The first successful cherry orchards in Door County were planted by Professor E.F Goff and A.L Hatch in 1862. The pair planted three acres of Montmorency tart cherries that grew to be a wildly successful crop. Montmorency Cherries, also known as “the Door County Cherry,” have thrived on the peninsula ever since. Today, Seaquist Orchards is the largest Montmorency Cherry grower in Door County.
Named after a valley in the northern suburbs of Paris where it was first cultivated in the 1700’s, the Montmorency Cherry is a medium sized tart cherry with a deep, red skin and clear yellow flesh. Unlike sweet cherries, which are best enjoyed fresh off the tree, tart cherries are usually served baked, dried, frozen, or juiced. Montmorency cherries aren’t merely tasty, they’re also full of vitamin C, A, and antioxidants. Recent studies have shown that tart cherries are effective in fighting inflammation and supporting the body’s immune system. They also help to lower blood pressure and cholesterol.
In Door County, a traditional cherry pie recipe will always call for Montmorency Cherries. Bonus points if they come fresh from a local orchard! Although a classic cherry pie is a winner at any table, cherries can be used in a variety of recipes. Check out the recipes below for new ideas on how to utilize cherries in the kitchen.
Cherry Almond Scones
3/4 cup dried cherries
1 cup boiling water
3/4 cup low-fat buttermilk or half and half
1/2 teaspoon vanilla extract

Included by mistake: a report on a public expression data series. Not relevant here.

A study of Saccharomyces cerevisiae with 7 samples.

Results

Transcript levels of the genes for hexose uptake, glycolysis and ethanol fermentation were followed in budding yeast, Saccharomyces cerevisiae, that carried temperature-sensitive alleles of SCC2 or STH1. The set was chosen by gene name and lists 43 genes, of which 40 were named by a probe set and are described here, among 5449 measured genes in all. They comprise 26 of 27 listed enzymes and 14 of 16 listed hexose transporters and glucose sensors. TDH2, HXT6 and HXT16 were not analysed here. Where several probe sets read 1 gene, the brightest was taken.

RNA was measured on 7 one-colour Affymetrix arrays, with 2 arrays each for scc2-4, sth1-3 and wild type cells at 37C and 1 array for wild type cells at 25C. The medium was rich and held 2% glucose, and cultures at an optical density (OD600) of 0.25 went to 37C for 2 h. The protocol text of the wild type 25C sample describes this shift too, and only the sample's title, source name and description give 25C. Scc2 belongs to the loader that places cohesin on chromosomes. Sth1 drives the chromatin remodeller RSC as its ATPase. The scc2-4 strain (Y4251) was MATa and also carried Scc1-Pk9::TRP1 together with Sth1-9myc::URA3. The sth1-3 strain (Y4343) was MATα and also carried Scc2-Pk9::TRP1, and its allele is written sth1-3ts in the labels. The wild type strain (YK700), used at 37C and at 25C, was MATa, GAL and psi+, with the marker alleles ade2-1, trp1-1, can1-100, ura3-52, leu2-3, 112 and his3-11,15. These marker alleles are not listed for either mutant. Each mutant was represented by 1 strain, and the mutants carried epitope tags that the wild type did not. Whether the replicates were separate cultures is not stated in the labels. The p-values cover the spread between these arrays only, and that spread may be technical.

1/4 teaspoon almond extract
2 cups flour
1/4 cup sugar
1 tablespoon baking powder
6 tablespoons butter
1/4 cup chopped almonds
Cherry Butter Ingredients:
1/2 cup butter, softened
1/4 cup cherry preserves
Place dried cherries into boiling water and set aside. In a large bowl, mix egg, half and half, vanilla extract and almond extract. In a food processor, blend flour, sugar, baking powder and butter until mixture resembles coarse crumbs.
Drain cherries and stir into egg mixture along with crumb mixture and almonds until blended.
Place heaping tablespoons of the finished mixture onto a greased baking sheet. Bake at 400° F for 12–15 minutes or until golden. Serve warm with cherry jam or cherry butter.
To make cherry butter, stir preserves and butter together in a medium bowl until blended.
Cherry Granola Cookies
2 cups sugar
2 cups brown sugar
1 cup eggs, beaten
1/2 tablespoon + 1/2 teaspoon vanilla extract
4-1/2 cups flour
1/2 tablespoon + 1/2 teaspoon salt
1/2 tablespoon + 1/2 teaspoon baking powder
1/2 tablespoon + 1/2 teaspoon baking soda
3 cups oats
2 cups coconut
1-1/2 cups dried cherries
3/4 cups sliced almonds
Cream butter, sugar and brown sugar until there are no butter chunks left. Set aside. Mix eggs and vanilla until combined. Set aside. Mix flour, salt, baking powder and baking soda until combined. Set aside. Mix oats, coconut, dried cherries and almonds until combined. Set aside.
Combine all ingredients and mix well. Portion out mixed batter onto a cookie sheet and bake at 350° F. Smaller cookies take 10–12 minutes to bake. Larger cookies take 15–16 minutes to bake. Let cool.
Cherry Recovery Smoothie
8oz. rapid whey
1 cup mixed berries
1 cup spinach
1 cup mango
1 tablespoon flax seed
Combine ingredients in a blender to the smoothness of your liking. Add ice or frozen berries if desired.